DEAR MAYO CLINIC: My daughter, who is in her early 20s, was diagnosed with narcolepsy nine months ago. Her primary care doctor prescribed stimulants, but they make her very jittery and don’t eliminate all of her symptoms. Is this the only treatment available? Should she see a specialist?woman trying to stay awake behind a car wheel, sleep deprivation

ANSWER: The sleep disorder narcolepsy is a lifelong condition often treated with potent medications. Because of that, it is essential that anyone suspected of having narcolepsy be carefully evaluated by a sleep medicine specialist to arrive at a diagnosis. I recommend your daughter seek testing with such a specialist. If her diagnosis of narcolepsy is confirmed, the sleep medicine specialist can work with her to create a treatment plan that best fits her needs.

Narcolepsy is a chronic sleep disorder characterized by overwhelming daytime drowsiness and sudden attacks of sleep. About 70 percent of people with narcolepsy also experience a symptom known as cataplexy — sudden muscle weakness that follows a positive emotional reaction, especially laughter.

Symptoms of narcolepsy often begin between the ages of 10 and 30. The exact cause of this disorder is not known. But it is usually connected to a brain chemical called hypocretin that helps regulate wakefulness and sleep. Many people with narcolepsy have low levels of hypocretin in their spinal fluid.

Accurately diagnosing narcolepsy requires evaluation by a sleep medicine specialist. Testing for the disorder includes a polysomnogram. For this test, your daughter would need to stay overnight at a sleep center. The polysomnogram measures a variety of signals during sleep using electrodes placed on the scalp and elsewhere on the body. The test measures the electrical activity of the brain and heart, monitors breathing, and measures muscle and eye movement during sleep.

Testing also includes a set of daytime nap studies known as a multiple sleep latency test. It would measure how long it takes your daughter to fall asleep during the day. In addition to these tests, a sleep medicine specialist would talk with your daughter about her sleep history and habits. She also may be asked to keep a detailed record of her sleep patterns for several weeks.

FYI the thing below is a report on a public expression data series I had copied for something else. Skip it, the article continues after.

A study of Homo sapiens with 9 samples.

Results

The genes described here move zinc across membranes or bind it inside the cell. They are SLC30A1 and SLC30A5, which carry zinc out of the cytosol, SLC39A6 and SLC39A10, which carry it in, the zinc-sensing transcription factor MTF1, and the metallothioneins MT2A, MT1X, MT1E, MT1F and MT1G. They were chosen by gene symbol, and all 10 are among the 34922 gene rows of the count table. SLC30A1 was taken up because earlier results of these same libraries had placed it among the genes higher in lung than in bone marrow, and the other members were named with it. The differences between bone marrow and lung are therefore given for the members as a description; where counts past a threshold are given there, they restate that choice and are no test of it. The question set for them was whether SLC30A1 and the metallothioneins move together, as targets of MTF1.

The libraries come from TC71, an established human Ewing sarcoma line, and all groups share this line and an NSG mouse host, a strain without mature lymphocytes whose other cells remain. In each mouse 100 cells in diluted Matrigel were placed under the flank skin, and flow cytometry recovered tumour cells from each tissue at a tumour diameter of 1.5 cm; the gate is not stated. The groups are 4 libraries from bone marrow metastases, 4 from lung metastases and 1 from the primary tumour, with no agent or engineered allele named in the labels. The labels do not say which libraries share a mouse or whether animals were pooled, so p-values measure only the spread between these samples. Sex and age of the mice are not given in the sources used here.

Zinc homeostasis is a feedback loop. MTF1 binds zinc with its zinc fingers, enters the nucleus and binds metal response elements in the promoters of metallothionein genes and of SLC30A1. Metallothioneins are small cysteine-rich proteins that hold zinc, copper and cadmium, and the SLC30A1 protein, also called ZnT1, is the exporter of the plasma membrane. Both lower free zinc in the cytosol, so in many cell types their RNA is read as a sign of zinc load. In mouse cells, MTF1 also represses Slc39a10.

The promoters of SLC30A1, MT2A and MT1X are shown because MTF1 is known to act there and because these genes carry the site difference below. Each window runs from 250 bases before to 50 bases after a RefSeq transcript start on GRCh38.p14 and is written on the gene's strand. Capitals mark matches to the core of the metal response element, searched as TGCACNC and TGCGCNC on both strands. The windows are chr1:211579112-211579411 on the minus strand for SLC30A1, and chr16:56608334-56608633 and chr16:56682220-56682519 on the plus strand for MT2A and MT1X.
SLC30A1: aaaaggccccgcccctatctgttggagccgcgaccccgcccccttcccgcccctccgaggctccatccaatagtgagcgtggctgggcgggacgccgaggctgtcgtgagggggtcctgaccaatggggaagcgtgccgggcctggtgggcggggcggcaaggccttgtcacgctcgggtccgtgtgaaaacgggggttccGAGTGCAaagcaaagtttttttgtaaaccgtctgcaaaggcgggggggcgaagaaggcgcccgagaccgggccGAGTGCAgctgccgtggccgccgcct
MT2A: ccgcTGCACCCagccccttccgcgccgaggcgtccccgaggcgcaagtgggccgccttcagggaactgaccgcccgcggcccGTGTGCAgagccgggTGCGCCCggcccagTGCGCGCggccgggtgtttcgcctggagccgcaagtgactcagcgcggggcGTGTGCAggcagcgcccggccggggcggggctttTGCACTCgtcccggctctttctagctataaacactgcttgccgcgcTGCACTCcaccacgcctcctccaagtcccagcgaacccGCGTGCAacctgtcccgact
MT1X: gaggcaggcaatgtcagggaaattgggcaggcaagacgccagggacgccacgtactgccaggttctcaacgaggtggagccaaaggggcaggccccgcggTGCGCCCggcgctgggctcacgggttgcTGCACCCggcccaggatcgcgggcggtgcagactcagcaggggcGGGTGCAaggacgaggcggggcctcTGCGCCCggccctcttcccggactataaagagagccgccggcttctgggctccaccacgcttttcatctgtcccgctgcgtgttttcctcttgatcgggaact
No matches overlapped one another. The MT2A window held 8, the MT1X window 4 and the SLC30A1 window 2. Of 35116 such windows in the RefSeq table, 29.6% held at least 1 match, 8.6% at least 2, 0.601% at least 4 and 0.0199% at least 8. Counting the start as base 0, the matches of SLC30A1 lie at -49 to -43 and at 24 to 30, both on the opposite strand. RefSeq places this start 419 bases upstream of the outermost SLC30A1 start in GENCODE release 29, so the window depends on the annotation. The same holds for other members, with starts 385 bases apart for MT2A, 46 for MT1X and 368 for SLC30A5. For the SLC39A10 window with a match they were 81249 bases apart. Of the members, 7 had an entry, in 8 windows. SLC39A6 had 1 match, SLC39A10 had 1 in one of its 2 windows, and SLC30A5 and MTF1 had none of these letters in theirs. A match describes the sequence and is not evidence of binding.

If testing verifies your daughter’s narcolepsy diagnosis, then her specialist can help develop an appropriate treatment plan. In many cases, treatment usually starts with a mild stimulant such as modafinil. If that does not provide enough symptom control, then a stronger stimulant, such as methylphenidate or amphetamines, may be needed. These stronger drugs are typically given in controlled-release form to avoid peaks of over-stimulation and the jitteriness you mention.

If the stimulants are not effective, or if their side effects are not acceptable, then an alternative for some people is the medication sodium oxybate. This medication can be highly effective for cataplexy. It usually helps improve nighttime sleep, as well, which is often poor in people who have narcolepsy. There can be serious side effects with this drug, however, including nausea, bed-wetting and sleepwalking.

The typical goal of narcolepsy treatment is to provide about an 80 percent improvement in alertness with minimal side effects. Once a person with narcolepsy is on a stable dose of medication with symptoms acceptably under control, the primary care provider can then take over further management with help as needed from the sleep medicine specialist.

Although there is no cure for narcolepsy, treatment that controls the disorder’s symptoms often can be quite effective. It allows most people with narcolepsy to lead productive and satisfying lives. Michael Silber, M.B., Ch.B., Center for Sleep Medicine, Mayo Clinic, Rochester, Minn.